Bounded by Cherry Street, 2nd Avenue, Alaskan Way, and South King Street
Contributed by Project for Public Spaces
This place is ideally located, attractive and uniquely Seattle - but a lack of activities makes it more a thoroughfare than a true place.
Seattle's downtown is on the verge of redefining itself. It simply needs a well-placed push to break out of the self-imposed morass -- bought on by the fear of undesirables and a reluctance to embrace its ethnic diversity -- it has stuck in for decades. There are so many breakout opportunities and Occidental Square in the Pioneer Square District is one of the most important. The state of this square has kept the whole district from becoming a great destination. We would venture to say that property values are now at 60% of what they would be with a thriving square to give energy and stature to this critical historic area. PPS has recently undertaken two community planning efforts for Occidental Square, giving momentum to the reclamation of this vitally important place.
Although its location is central, this park does not live up to its potential as an important public space in Seattle. Its main function is as a short-cut, rather than being a place in its own right. Why isn't anyone staying? Why is this place less successful than it could be?
What would make this space better? PPS did an analysis of the use of the square, first in 1991, and then again in 2004, and made several recommendations:
What Puts Occidental Square in the Hall of Shame?
Pioneer Square is easy to get to - on foot, by transit and it is clearly visible when approaching it or passing by. Several Totems and a bandshell make it obvious that something is there.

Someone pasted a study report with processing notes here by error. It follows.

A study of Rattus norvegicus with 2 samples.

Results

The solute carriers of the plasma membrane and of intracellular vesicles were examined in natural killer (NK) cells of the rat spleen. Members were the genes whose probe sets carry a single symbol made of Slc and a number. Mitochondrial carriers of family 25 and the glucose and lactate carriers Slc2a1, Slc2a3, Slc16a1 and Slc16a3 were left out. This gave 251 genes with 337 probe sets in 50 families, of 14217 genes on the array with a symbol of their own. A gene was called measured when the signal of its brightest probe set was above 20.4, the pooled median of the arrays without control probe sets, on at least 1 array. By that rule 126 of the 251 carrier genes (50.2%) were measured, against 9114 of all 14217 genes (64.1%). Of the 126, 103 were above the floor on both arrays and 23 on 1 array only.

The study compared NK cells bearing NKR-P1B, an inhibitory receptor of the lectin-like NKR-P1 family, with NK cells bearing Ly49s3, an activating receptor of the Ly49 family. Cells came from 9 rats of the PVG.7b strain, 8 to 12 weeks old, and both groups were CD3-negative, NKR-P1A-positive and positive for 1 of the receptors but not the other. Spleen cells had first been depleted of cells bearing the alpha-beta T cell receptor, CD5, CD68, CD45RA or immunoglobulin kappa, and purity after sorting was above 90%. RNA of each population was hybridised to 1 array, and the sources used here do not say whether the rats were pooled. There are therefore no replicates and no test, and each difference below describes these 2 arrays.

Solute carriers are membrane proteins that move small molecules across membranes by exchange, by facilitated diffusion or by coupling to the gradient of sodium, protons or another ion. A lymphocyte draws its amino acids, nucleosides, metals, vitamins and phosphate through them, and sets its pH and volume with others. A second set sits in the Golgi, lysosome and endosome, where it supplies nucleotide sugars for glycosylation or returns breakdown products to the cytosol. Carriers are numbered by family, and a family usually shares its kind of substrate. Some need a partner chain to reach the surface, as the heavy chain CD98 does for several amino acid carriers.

Less successful in this category - the square has a dark and cold feeling, few places to sit and many of the people who are there seem to be hanging out - others are just passing through. We talked to some women walking though the space, who noted that the cobblestone surface is difficult to walk on, particularly for those who are cutting diagonally across the space.
This is the main problem. There is very little to do in the square itself and the buildings along its edges seem to have little relationship to the square. There is an outdoor cafe, a few shops on the square, and a coffee shop and other businesses across the street, but they seem to have little connection to it.
This seems to be a sociable space for a group of people hanging out waiting for meals at the nearby soup kitchen, but there are few others.
History & Background
Seattle's first settlements were built in 1851 in a clearing surrounded by dense forest, part of which is modern day Pioneer Square. As Seattle's oldest neighborhood and commercial district, the Square traces its origins to the saw mills on Mill Street - or "Skid Road," where logs cleared from surrounding forest were cut and moved to the bay. With the influx of gold carried in the pockets of returning prospectors during the Klondike Goldrush of 1897, Pioneer Square rose to become the center of banking on the West Coast.
The district's success was also attributed to a diversity of trade and commerce, as well as an infamous rougher side of saloons and brothels patronized by the pioneers and prospectors. Leveled by the 1889 fire, the district was rebuilt over the next two decades with a number of architecturally significant buildings.
The Square faltered after WWI when economic shifts caused commercial trade to move several blocks north and "Skid Road," took on a new meaning. By the late '60s, the abandoned area was threatened with an urban renewal project that would turn many historic buildings into parking garages. A fight ensued to raise public awareness and in 1970, the city of Seattle designated a 52-acre area to the National Register of Historic Places.
In 1978, the boundaries of the district were expanded to 88 acres, and an additional three acres along the district's southwest end were added in 1987. Today, Pioneer Square survives as one of the nation's best-preserved Victorian Era downtown districts and as a commercial and residential neighborhood.